I’m just back from the future!
When I started in this industry leasing services were a big thing, a major business element for property management firms, and a significant source of revenue for many consultants. Vacancies were high in the less desirable buildings—can you imagine 5% or 10% vacant in Toronto? That’s what it was like, and landlords were willing to pay a month’s rent to a leasing expert to fill those units.
Over the past decade, though, leasing almost vanished as a business, as vacancies in the larger markets shrank to historically low percentages. Property management firms kept doing their normal, ongoing leasing, but demand outstripped supply and it’s been a landlord’s market for many years now, so much so that vacant units almost fill themselves.
That’s changing, at least at the upper end of the market. New purpose-built rentals are finally being built, not in big numbers, but big enough to spur increased competition for landlords and increased choice for renters. For developers bringing a new rental building to market, especially in expensive-to-build and expensive-to-rent markets like Toronto, the challenge is to achieve full occupancy as quickly as possible at the highest rents possible. With more and more options to choose from, at higher and higher rents, prospective renters are discovering that they can be picky (if they have the money). For developers this means leasing is once again something they have to take very seriously, which means they need leasing experts. The challenge for leasing experts is to convince prospective renters to rent in their client’s building instead of competitors’ buildings.
What does this bode for the future? Will leasing services revive as a business? If so, what form will they take and what role will they fill?
I think, given the challenges I’ve described above, that leasing services are set to become an important part of new rental housing development in the near-term and mid-term future of the industry. Put simply, the worries of developers and lenders are only going to grow as competition and investments grow, and those worried developers and lenders are going to turn to leasing experts to make sure leasing gets done right because the downside of getting leasing wrong keeps increasing steadily. What about the long-term future? I think technology is going to play a bigger role in leasing, which won’t replace leasing experts but will give them a host of tools and support they don’t have now (I’m working on concepts for this and I’ll talk about them in a future post).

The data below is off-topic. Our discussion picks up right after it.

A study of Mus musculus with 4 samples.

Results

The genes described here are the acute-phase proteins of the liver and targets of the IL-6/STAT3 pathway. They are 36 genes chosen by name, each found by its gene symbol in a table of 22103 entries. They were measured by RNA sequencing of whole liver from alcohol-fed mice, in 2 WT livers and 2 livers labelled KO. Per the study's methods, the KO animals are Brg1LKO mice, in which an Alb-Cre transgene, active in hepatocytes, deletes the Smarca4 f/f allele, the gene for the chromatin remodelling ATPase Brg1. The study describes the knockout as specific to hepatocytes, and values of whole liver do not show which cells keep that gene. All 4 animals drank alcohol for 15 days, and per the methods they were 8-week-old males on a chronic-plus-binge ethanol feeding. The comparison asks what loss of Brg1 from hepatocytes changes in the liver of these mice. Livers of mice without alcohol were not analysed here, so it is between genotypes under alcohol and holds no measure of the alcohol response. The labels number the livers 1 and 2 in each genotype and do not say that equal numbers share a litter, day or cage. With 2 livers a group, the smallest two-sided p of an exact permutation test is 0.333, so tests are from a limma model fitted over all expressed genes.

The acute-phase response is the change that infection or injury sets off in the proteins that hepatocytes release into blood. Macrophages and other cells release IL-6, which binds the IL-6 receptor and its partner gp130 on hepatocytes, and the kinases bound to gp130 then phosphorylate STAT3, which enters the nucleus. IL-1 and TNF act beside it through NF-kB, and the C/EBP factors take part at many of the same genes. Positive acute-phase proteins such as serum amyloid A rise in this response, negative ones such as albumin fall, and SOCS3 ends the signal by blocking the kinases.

Let’s compare how leasing used to work, and how I think it will work in the future.
In the past:
- leasing experts were usually brought in only when a building was approaching delivery
- leasing experts worked mostly independently
- leasing experts supplied ancillary services usually in-house
In the future:
- leasing experts will be involved from the beginning of project design and project planning
- leasing experts will manager other experts and suppliers as partners and sub-contractors
- leasing experts will manage the marketing and leasing from beginning to end (similar to how a general contractor would for the construction element)
- leasing experts will manage staffing (for the leasing component)
- leasing experts will manage or work with property managers, maintainers, and cleaners
- leasing experts might take on some project risk (as part of incentive-linked compensation)
Instead of being contractors brought in to handle one element of the development of a new rental building—the leasing—and being paid a flat fee or performance fee for that service alone, I think leasing experts are going to become a form of ‘general contractor’ for the lease-up (preparation and execution), taking charge of all aspects of marketing, leasing, staffing, cleaning, and maintenance to ensure profitable occupancy is reached.